Murray Irrigation and the NSW Government have signed an historic agreement that represents a significant coup for the entire southern Murray-Darling Basin.

Murray Irrigation and the NSW Government have signed an historic agreement that represents a significant coup for the entire southern Murray-Darling Basin.

An interim Escapes Agreement now enables WaterNSW to bypass the notorious Barmah Choke by using Murray Irrigation’s billion dollar Mulwala Canal to deliver water downstream with minimum losses to the environment and agricultural water users.

Murray Irrigation CEO Michael Renehan said the agreement was a win for Murray Irrigation and WaterNSW, as well as downstream river users and the environment.

“Using our infrastructure relieves the pressure on the Murray River during heavy demand and provides the river operator with a greater range of strategic options to run the river,” Mr Renehan said.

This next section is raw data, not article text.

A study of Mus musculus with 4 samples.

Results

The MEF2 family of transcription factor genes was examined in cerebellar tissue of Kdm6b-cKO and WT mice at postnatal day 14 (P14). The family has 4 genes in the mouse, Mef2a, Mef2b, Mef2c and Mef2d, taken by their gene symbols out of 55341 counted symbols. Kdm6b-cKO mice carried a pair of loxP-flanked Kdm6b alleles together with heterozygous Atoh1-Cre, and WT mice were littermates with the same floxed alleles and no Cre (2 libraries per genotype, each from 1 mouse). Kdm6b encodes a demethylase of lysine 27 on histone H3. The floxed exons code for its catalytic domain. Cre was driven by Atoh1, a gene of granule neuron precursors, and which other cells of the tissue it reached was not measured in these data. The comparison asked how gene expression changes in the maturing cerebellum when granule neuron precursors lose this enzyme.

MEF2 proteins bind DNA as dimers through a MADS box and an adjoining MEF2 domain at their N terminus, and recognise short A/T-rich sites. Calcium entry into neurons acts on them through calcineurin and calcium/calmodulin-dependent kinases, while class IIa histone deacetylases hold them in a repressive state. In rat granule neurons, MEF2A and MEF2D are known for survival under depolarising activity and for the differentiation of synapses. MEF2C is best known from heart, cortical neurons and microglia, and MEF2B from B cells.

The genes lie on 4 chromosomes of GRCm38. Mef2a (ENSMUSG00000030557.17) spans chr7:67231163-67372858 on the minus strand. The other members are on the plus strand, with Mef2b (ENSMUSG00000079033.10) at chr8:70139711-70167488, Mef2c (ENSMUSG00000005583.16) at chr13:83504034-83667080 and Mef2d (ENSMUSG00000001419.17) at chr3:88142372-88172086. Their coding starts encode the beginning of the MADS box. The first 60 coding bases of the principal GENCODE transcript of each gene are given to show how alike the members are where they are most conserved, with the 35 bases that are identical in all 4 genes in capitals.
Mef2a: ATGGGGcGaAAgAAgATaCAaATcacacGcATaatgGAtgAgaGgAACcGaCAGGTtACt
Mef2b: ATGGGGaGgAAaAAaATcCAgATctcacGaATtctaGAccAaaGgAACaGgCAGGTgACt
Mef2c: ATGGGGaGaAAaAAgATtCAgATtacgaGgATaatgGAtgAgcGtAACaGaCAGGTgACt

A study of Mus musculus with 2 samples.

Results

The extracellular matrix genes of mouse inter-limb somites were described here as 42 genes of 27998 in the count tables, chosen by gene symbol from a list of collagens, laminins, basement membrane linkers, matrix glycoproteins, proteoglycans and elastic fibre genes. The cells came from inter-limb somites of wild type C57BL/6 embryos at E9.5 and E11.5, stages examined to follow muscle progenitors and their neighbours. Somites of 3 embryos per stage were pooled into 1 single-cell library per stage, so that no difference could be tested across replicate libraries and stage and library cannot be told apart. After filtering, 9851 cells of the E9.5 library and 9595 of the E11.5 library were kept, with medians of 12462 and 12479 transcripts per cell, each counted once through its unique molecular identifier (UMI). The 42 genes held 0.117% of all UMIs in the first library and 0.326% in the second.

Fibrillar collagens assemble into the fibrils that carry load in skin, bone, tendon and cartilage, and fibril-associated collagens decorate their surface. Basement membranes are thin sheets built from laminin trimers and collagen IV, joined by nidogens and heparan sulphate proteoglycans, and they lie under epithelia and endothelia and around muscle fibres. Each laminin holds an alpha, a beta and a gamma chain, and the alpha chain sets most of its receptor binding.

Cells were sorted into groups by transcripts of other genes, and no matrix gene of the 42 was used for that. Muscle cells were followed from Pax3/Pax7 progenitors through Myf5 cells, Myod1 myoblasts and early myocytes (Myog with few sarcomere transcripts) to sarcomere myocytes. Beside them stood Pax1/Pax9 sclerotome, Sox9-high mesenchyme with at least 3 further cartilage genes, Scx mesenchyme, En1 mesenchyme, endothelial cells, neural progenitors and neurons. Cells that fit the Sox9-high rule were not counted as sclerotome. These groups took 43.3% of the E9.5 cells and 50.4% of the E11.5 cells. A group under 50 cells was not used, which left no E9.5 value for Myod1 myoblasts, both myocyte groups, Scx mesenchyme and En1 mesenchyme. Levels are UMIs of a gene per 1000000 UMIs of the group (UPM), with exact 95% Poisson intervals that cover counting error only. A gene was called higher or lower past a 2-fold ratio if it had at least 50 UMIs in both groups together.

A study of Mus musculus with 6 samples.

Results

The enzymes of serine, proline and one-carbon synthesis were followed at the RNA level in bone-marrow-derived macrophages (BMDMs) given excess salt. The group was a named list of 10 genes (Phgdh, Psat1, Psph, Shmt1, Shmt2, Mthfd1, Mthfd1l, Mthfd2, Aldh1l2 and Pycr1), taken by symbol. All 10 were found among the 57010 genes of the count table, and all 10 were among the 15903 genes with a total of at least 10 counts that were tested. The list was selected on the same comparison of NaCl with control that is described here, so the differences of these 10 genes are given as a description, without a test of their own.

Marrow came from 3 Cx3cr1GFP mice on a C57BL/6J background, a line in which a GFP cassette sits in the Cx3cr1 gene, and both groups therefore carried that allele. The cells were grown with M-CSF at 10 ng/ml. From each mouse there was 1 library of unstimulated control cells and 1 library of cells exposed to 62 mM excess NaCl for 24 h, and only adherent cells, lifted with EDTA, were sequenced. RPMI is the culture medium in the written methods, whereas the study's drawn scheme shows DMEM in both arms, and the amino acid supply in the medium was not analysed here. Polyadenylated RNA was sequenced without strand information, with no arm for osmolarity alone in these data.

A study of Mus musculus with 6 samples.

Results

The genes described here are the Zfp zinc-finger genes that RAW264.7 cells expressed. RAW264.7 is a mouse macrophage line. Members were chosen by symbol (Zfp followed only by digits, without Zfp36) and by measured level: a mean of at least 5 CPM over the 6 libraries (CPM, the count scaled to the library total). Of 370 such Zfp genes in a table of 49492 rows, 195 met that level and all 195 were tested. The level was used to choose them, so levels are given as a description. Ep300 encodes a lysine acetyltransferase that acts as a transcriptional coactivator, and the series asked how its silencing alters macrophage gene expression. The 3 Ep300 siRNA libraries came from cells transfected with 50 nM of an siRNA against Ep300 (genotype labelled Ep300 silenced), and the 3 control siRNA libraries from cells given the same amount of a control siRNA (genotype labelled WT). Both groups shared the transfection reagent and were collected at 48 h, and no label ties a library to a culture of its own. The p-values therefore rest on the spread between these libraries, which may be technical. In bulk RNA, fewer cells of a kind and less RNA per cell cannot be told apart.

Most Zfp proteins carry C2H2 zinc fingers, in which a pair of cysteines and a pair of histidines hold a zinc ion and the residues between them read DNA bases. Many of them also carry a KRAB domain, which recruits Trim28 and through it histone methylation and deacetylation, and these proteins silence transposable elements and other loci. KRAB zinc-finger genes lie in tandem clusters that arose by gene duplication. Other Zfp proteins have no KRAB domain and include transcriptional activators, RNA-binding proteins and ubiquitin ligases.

“At the same time, Murray Irrigation benefits commercially through increased water use in its system.”

Prior to the agreement, WaterNSW had to convey water orders along the Murray River and through all of its natural restrictions – including the Barmah Choke.

“The Barmah Choke restricts the amount of water that can be delivered, as well as the time it takes to deliver water,” Mr Renehan said.

“It is an inefficient means of transporting water through the southern connected system.

“The water lost is out of the resource pool for allocation and this agreement will have immediate benefits to Murray Irrigation water users.”

NSW Minister for Regional Water Niall Blair also praised the agreement.

“Moving large volumes of water through a river system is a big and complex task which has been made more difficult this year with the climatic conditions leading to major water losses within the Murray system,” Mr Blair said.

“This agreement is great news in the lead up to summer when demand can peak, as it gives river operators another tool in their water delivery toolbox.”